Arctic Monkeys’ five albums so far – ranked in order of greatness

Despite frequent rumours as to Arctic Monkeys’ whereabouts, the wait for album number six continues. Hip hop-influenced beat odyssey? Prowling, growling rock leviathan? All acoustic ballad overload? There’s really no guessing at this moment where their follow-up to ‘AM’ will venture. So while the quartet bunker down to cook up their next missive, let us cast our minds back to their already-proven gems and pit them against each other in a fight for the crown. The indie equivalent of choosing your favourite child, here are Arctic Monkeys’ albums so far, ranked in order of brilliance.

5. ‘Humbug’ (2009)

While third album ‘Humbug’ undeniably plays a pivotal role in the Arctic Monkeys story, in retrospect it feels more like an important bridge between the youthful vim of old and the meatier material that would come than a destination. There are some undeniably amazing tunes to be found in its midst (‘Pretty Visitors’, ‘Crying Lightning’), but in comparison to the definitive statements of some of their other records, ‘Humbug’ feels more like an exciting window into a band in transition.

4. ‘Suck It And See’ (2011)

In at number four is ‘Suck It And See’ – ‘Humbug”s wiser, older brother. An album that deftly moves between styles with ease, it showed a band absolutely in control of what they were doing and one that could bend ideas and genres to fit to their own shape. Prowling single ‘Don’t Sit Down Cos I’ve Moved Your Chair’ took the desert rock swagger that ‘Humbug’ producer Josh Homme brought to the mix and gave it a witty reboot. ‘Piledriver Waltz’ and ‘She’s Thunderstorms’ brought their nostalgic ballad game to the next level. ‘The Hellcat Spangled Shalalala’ came good on drummer Matt Helders’ promise to make something more “instant and poppy”. ‘Suck It And See’ showed a band on the verge of something truly brilliant…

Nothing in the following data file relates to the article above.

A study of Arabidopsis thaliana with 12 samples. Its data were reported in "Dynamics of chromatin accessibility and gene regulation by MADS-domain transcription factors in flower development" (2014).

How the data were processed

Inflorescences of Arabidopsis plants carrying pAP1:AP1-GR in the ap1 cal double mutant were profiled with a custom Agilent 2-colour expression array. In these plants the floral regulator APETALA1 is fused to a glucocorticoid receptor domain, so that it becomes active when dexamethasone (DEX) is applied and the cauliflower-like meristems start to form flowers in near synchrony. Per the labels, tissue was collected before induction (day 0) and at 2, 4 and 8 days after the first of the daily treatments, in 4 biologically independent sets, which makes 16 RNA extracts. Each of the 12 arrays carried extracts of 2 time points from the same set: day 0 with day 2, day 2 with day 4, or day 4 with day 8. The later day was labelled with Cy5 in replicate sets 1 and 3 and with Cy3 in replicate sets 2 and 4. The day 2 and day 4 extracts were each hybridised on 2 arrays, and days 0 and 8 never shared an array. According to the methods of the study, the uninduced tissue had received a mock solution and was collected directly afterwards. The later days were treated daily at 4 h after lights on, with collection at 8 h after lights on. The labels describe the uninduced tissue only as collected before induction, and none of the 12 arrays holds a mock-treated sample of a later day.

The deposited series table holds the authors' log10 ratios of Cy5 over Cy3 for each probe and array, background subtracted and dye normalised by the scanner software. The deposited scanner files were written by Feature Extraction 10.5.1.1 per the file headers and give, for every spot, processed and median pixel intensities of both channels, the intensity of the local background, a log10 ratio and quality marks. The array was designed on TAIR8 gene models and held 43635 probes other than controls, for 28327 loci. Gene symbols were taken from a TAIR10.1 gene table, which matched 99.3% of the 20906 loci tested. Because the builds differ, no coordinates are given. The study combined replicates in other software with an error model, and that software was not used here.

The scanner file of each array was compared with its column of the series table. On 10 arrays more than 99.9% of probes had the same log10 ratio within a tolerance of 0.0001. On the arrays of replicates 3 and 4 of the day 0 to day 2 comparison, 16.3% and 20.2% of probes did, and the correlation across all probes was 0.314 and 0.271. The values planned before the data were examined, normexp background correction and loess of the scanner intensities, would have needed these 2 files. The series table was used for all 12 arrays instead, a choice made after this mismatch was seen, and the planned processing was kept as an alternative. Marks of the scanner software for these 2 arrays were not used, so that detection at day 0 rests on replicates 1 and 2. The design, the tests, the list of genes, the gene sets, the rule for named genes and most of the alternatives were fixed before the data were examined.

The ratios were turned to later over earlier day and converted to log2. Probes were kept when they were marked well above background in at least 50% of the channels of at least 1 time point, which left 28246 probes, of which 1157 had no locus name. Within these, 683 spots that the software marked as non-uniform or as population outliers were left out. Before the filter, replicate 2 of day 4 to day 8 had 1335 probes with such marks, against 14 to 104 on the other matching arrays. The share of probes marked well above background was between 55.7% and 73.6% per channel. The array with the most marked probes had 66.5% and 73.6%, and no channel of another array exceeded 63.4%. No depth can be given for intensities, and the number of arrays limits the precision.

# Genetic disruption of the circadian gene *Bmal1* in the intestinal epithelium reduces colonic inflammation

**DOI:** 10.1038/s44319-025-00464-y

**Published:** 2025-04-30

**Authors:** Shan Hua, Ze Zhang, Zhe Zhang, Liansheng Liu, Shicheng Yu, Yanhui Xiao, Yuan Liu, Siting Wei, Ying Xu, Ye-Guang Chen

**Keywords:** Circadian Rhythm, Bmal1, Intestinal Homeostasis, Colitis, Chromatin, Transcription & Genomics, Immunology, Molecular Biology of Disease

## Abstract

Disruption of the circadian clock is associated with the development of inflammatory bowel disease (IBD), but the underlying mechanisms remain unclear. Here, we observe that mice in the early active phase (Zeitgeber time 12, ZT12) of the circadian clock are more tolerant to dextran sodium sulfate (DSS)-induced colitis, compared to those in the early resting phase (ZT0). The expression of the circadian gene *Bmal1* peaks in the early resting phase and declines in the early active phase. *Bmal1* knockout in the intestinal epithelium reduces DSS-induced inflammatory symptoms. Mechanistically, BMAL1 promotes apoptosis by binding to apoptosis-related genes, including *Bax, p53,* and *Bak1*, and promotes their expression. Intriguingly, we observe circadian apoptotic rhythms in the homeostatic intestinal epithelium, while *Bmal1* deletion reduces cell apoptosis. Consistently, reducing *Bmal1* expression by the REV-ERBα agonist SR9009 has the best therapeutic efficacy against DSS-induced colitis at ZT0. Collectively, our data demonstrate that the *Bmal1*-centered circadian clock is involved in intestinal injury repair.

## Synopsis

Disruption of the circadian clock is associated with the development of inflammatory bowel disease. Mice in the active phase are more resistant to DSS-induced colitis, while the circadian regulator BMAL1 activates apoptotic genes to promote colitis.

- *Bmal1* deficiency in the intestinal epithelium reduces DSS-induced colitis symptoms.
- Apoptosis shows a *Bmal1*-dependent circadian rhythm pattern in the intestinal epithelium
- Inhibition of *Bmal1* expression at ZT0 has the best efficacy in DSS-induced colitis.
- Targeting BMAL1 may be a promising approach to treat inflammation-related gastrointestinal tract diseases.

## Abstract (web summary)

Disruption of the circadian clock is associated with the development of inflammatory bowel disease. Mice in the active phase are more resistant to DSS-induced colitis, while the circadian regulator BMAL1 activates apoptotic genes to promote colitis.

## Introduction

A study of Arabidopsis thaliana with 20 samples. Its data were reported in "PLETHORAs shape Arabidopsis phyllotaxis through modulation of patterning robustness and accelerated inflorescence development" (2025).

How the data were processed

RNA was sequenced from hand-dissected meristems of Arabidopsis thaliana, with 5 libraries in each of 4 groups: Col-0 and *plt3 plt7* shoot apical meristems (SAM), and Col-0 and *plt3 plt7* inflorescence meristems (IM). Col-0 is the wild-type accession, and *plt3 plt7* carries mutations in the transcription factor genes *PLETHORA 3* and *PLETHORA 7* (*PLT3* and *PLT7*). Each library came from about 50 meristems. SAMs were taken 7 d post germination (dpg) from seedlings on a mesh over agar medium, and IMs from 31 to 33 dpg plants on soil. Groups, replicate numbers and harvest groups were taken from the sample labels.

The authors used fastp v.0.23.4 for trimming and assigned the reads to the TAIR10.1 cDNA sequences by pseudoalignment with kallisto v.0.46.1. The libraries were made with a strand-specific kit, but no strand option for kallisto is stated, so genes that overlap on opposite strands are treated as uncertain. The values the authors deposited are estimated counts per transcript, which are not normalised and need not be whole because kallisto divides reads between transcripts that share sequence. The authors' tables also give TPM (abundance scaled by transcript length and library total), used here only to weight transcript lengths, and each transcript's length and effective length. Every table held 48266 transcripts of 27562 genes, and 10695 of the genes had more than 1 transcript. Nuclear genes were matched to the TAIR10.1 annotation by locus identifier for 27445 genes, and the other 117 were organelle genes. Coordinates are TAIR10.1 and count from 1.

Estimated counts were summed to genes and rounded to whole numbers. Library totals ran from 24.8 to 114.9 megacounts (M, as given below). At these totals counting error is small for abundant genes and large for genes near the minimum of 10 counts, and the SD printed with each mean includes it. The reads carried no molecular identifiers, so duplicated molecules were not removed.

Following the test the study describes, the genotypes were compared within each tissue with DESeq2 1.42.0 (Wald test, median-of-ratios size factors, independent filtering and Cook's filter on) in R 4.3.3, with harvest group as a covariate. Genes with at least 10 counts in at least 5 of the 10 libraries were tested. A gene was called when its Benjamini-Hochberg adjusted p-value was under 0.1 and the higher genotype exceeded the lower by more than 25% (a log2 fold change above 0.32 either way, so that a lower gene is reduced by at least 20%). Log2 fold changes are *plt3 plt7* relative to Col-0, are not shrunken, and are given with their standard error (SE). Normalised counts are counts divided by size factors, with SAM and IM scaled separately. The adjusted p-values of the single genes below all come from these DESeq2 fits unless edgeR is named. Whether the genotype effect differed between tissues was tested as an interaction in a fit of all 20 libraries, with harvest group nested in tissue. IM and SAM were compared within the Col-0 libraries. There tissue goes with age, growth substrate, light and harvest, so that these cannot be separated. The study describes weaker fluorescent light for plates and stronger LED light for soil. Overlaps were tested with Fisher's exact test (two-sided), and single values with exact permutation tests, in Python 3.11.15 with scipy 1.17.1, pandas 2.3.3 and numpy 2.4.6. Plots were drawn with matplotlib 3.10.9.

3. ‘Favourite Worst Nightmare’ (2007)

If it’s possible for a record by one of the biggest bands in the world to be underrated, then ‘Favourite Worst Nightmare’ would likely be the Monkeys’ token underrated LP. Tasked with following the biggest selling debut album in UK history, ‘Favourite Worst Nightmare’ did the admirable job of progressing the band’s sound considerably without losing sight of itself. Under gargantuan level of pressure, Alex Turner’s lyrics were sharp and antagonistic, while melodically the record contains both some of the band’s most brilliantly twitchy, adrenaline-fuelled tracks (‘This House Is A Circus’, ‘Brianstorm’) and some of their most beautiful (‘505’, ‘Only Ones Who Know’).

2. ‘Whatever People Say I Am, That’s What I’m Not’ (2006)

While for many, ‘Whatever People Say I Am…’ is an unbeatably near-perfect record, it sits at Number Two here if only because it would be doing a disservice to a band as constantly innovative and constantly brilliant as the Arctics to state that they’d never bettered their first attempt. Still, from the opening drum roll of ‘The View From The Afternoon’ to the final, glorious bow-out of ‘A Certain Romance’, it stands as one of music’s greatest opening statements.

1. ‘AM’ (2013)

Two years after it’s release, ‘AM”s genius has already been confirmed, reiterated and hammered home so many times you might even be needing a little break from it. But remember the first time you heard the sexually-charged purr of lead single ‘R U Mine?’ Or the low and louche stomp of ‘Do I Wanna Know’? Every nugget unveiled in the run up to ‘AM’s release felt like slowly pulling together the clues in music’s most exciting treasure hunt, and holy shit was the final treasure good. When an album is so on the money, so brilliantly exciting and fresh and game-changing that people are writing whole essays on how amazing the backing vocals are, then you know you’ve done something right. ‘AM’ was the sound of Arctic Monkeys stepping up and pushing all their former peers off their pedestal in one fell swoop.